Ohio Court Process: 8 Steps to Parental Rights

Litigating custody of children in Ohio consists of eight main steps. Some can be skipped or rearranged and others added, depending on your circumstances and county.

At any point, parents can settle (such as in a dissolution case) and jump to Step 8 of the court process.

Mediation, collaborative law and other alternative methods for deciding custody follow their own processes.


Do your research and consider your options. Will you request sole or shared custody? What does your ideal parenting schedule look like?

Then, meet with a lawyer to come up with a legal strategy. Attorney representation is strongly recommended, but if you're not able to hire someone, you should at least do a free or low-cost consultation to get professional advice.

Step 2: Opening a case

Now open a case. Divorce, dissolution and legal separation cases go through domestic relations court. Other cases involving children (e.g., a standalone custody petition or a paternity case) go through juvenile court.

After you file, the court will officially notify the other party through a process called service.

Possible: Emergency custody hearing

If your children are at risk of being harmed or removed from the state within the next few days, you can request an expedited hearing to determine if emergency orders (also called ex parte orders) are necessary.

Emergency orders stay in effect until the next hearing, when they can be terminated, extended or replaced by temporary orders.

Possible: Separation hearing

If you file for separation, some counties require a separation hearing.

Here, a judicial officer asks which terms the spouses agree or disagree on, and the spouses can present evidence in support of their terms. Then, the officer issues an order legally separating the couple.

Step 3: Initial case management conference

About 30 days after you open your case, parents, lawyers and a judicial officer meet in a case management conference. They may discuss remaining emergency issues or draft a temporary order. This is also a time when the judicial officer could order mediation, a guardian ad litem, or a forensic evaluation or home investigation.

Although parents attend, lawyers usually speak on their behalf.

Step 4: Discovery

This is when parents exchange information so each side knows what the other is preparing. This stage can continue in the background while the following steps unfold, lasting for several months. It may include depositions (out-of-court interviews conducted by lawyers), though these are uncommon in parental rights and responsibilities cases.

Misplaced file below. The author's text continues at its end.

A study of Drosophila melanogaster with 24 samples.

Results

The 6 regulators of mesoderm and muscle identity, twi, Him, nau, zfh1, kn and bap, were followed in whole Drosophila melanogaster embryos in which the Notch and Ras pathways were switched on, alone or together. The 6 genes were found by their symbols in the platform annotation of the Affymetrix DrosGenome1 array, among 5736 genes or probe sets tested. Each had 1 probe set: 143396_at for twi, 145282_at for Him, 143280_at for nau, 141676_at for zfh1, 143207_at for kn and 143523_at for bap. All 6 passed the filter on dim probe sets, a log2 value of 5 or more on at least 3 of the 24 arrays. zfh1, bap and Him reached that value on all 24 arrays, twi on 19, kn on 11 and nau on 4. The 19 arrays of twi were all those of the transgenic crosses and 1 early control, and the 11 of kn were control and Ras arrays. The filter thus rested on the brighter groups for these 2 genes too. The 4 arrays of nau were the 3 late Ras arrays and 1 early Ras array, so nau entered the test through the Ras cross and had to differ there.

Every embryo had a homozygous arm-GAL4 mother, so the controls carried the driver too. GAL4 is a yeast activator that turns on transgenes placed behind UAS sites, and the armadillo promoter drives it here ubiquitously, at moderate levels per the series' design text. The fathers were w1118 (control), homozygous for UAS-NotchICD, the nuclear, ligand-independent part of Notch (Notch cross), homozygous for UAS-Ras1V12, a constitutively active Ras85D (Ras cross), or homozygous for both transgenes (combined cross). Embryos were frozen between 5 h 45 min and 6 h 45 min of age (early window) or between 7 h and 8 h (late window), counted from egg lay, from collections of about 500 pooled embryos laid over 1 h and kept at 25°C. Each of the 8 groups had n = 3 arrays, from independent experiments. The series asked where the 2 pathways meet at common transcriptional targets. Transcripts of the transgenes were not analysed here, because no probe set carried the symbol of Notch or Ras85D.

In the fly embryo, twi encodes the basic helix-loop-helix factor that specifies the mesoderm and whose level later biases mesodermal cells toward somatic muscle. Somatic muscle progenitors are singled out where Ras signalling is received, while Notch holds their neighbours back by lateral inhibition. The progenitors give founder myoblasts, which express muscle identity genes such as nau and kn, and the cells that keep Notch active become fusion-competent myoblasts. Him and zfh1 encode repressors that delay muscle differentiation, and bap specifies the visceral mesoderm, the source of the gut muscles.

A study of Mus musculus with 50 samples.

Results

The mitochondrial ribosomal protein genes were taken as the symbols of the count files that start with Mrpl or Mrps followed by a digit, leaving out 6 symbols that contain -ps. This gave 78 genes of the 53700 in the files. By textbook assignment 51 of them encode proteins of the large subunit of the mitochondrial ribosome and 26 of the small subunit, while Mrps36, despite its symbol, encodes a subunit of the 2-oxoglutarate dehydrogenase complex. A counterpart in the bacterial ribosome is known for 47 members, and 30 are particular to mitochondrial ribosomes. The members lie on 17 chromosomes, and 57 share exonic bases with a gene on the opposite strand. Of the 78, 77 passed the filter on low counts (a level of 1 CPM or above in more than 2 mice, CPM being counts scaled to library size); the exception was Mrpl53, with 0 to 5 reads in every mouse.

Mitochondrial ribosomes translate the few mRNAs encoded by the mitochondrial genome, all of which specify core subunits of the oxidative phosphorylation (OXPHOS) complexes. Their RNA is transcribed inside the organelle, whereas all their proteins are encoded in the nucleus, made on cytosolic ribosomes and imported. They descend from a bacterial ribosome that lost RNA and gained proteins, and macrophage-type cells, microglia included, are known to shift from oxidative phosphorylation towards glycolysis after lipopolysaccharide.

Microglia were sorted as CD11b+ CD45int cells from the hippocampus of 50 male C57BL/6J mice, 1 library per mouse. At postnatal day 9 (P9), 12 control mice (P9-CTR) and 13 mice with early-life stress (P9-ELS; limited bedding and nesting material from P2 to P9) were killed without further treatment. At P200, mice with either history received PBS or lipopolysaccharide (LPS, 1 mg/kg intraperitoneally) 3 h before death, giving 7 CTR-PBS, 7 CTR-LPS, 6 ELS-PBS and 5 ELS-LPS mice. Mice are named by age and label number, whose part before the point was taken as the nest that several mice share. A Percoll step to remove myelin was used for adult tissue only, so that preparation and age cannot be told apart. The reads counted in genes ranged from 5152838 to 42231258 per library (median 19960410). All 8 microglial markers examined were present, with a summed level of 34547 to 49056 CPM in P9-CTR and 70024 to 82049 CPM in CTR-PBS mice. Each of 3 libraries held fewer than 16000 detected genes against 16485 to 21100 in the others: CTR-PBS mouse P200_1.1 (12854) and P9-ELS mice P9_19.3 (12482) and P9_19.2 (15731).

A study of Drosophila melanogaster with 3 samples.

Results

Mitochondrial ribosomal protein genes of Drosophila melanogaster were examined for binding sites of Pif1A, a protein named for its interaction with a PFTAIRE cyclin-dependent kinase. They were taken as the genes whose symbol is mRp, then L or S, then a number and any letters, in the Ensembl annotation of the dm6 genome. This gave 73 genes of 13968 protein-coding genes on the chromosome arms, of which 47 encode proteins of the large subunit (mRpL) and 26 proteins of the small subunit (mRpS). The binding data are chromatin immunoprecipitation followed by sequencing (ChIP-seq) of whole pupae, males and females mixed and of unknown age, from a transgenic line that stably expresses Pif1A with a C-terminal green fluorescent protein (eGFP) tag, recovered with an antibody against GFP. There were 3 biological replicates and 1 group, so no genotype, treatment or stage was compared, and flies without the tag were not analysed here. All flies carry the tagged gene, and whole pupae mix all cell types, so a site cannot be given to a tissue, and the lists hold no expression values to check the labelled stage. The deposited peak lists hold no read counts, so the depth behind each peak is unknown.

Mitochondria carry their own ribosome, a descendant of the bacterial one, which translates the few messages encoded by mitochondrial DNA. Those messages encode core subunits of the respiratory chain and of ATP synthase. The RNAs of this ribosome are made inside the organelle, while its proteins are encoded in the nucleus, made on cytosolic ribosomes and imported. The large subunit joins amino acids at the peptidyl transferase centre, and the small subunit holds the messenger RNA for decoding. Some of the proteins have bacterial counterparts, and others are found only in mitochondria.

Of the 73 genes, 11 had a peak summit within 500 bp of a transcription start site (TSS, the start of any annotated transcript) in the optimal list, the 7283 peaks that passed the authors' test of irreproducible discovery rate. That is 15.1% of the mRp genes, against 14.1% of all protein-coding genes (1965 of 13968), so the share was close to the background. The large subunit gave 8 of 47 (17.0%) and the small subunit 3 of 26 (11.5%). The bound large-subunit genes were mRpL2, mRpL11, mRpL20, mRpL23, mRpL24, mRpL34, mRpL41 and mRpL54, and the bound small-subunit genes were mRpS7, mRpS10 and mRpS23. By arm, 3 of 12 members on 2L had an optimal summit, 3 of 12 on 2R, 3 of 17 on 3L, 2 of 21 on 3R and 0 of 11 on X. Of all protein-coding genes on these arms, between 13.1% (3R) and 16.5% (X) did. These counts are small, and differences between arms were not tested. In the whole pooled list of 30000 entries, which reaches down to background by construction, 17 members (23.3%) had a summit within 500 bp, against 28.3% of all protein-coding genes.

Step 5: Status and discovery conferences

Generally, you'll have a hearing every 30 to 60 days following your initial case management conference. If the court orders an evaluation or investigation, this timing may extend to 60 to 90 days. Parents with lawyers don't have to attend every hearing, but should in case the lawyers manage to negotiate a settlement.

Some courts divide hearings into status conferences and discovery conferences. At a status conference, the parties and the judicial officer discuss the case's progress, motions and the possibility of settlement. Discovery conferences are for collecting and exchanging information, such as financial or police records requested by the parties.

It takes about six hearings in domestic relations court and fewer in juvenile court to determine if a case requires trial.

Step 6: Pre-trial conference

Here, the judicial officer, parents and their lawyers discuss acceptable evidence and the possibility of settlement, among other matters that need clarification before trial. The judicial officer will issue an order that requires litigants to submit a list of exhibits, witnesses and anticipated objections.

Possible: In camera (private) hearing

Just before or just after trial, the judicial officer may interview the children in his or her chambers, if the children show sufficient maturity.

An in camera hearing allows children to express feelings about the case without pressure from parents. Only the child, judicial officer, guardian ad litem (if applicable) and court reporter attend. The transcript is only available to the judicial officer and the guardian ad litem.

Step 7: Trial

If you are unable to settle, you will ultimately end up in trial.

In a trial, both parties have the opportunity to explore evidence and question witnesses in front of the judicial officer so he or she can issue a ruling.

A trial can last hours, days, weeks or — in extremely complicated cases — months. Often there's a significant waiting period between days of testimony since court calendars fill up and lawyers need time to gather evidence.

Step 8: Final custody order

To bring the custody process to a close, a judge will sign a final custody order, which lays out the legal terms parents must follow, in the form of a parenting plan. The details are decided either by a judicial officer after a trial or by the parties themselves through settlement.

If a parent has reason to contest the order, they can appeal to a higher court and begin the legal process again.

As children grow older and their lifestyles change, families may need to modify the parenting plan several times. Parents can develop a new plan together or request that the court modify the existing plan.

Throughout your case

During the custody process, you may need to create a parenting plan, draft custody schedules, track parenting time, keep a log of interactions with the other parent and more.

The Custody X Change app enables you to do all of this in one place.

With a parenting plan template, custody calendars, digital journal and beyond, Custody X Change makes sure you're prepared for whatever arises in your journey to child custody.

Throughout your case, take advantage of our technology to stay on top of all the moving parts in your case.